Wednesday, 28 December 2016

The Slebech Miscanthus Starling roost

On our way home this evening we stopped along the A40 to view the starling roost at Slebech. Many thousands (possibly 100,000 or more?) of starlings were coming in to roost. There were no obvious murmurations, the birds simply piled straight into the c. 2 metre high and quite extensive Miscanthus crop.

The photos show many of them at the surface but most seemed to quickly disappear into the grass. A couple of crepuscular buzzards were watching closely from the trees. As it got darker they started to quarter the field, disturbing quite a few starlings and causing many to move around.


A buzzard watches from a tree as the starlings pile in
Miscanthus has obviously become an attractive roost-site for them. Recent studies of the Slebech Miscanthus crop also show that it has probably become a locally important "relatively new" habitat for harvest mice as well.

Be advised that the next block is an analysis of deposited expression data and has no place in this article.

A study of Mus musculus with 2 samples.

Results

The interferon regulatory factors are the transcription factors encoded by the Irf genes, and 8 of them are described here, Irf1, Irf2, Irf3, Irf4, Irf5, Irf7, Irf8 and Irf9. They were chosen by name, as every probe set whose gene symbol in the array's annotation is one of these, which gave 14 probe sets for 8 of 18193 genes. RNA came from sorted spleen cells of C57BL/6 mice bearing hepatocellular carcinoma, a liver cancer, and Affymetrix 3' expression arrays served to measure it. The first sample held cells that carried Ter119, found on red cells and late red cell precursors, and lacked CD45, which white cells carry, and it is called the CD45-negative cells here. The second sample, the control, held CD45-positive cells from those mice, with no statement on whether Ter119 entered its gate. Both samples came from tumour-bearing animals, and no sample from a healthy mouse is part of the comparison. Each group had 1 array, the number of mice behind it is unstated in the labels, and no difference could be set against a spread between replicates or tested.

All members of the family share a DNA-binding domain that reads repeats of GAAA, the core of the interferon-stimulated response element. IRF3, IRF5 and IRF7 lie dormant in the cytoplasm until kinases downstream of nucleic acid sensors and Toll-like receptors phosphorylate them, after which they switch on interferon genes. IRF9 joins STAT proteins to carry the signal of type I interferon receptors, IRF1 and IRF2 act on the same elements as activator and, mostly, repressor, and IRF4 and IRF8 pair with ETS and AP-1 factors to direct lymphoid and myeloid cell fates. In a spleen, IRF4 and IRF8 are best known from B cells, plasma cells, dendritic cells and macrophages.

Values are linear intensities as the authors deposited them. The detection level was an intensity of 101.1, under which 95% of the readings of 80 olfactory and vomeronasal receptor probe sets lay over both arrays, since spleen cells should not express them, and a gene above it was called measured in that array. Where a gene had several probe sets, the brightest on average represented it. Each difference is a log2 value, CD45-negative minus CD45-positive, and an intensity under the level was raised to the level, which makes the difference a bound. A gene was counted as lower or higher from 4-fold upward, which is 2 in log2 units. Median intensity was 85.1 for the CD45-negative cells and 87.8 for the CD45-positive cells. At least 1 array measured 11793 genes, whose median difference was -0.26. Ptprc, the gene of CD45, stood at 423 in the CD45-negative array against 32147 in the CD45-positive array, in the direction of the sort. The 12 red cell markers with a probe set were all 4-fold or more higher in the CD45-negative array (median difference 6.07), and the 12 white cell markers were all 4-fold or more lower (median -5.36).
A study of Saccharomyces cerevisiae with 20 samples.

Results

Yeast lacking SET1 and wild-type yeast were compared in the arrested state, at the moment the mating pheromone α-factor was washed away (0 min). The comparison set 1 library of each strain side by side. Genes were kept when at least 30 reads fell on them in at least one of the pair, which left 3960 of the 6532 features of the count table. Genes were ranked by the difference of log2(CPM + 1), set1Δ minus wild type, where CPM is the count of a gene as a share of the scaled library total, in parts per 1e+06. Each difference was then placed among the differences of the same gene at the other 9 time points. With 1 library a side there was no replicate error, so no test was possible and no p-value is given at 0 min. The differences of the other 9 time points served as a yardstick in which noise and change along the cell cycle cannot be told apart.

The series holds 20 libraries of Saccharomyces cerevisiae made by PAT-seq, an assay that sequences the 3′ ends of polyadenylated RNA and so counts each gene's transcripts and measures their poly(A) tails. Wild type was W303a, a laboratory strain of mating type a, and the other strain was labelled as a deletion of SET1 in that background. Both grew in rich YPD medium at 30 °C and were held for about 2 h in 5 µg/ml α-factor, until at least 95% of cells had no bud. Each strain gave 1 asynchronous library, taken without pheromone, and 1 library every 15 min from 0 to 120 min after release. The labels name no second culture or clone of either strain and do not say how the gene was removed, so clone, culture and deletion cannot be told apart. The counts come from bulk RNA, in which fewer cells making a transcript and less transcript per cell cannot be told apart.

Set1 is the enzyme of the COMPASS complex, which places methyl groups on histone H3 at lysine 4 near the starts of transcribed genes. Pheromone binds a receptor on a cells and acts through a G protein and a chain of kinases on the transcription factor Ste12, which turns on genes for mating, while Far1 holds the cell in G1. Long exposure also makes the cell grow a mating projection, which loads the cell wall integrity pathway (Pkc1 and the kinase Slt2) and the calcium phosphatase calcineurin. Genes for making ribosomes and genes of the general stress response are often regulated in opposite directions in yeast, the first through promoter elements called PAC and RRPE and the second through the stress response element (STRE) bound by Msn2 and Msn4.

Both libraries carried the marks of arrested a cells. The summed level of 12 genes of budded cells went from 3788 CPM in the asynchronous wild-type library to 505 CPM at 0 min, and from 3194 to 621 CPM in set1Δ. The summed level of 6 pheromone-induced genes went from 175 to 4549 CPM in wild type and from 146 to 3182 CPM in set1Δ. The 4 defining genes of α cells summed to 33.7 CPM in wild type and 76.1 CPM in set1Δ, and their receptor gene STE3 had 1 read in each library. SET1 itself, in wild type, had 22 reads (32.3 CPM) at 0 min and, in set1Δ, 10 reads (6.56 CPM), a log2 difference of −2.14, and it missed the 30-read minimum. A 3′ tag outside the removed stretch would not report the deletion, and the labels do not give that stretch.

Earlier in the day we had a generally quiet, mainly coastal walk at St. Brides. Not too many birds about but it was nice to see a feeding flock of about 100 or so skylarks and 30+ chaffinches in a stubble field, where most of the inland fields surrounding the stubble could only really be described as "green desert".

Out in St Brides Bay we could see a couple of distant divers (one definite red-throated). The local adult cormorants are beginning to look quite smart now in their pre-breeding plumage. The one photographed was a bit distant but could be seen to be sporting a short but rather fine Mohican-style dark crest.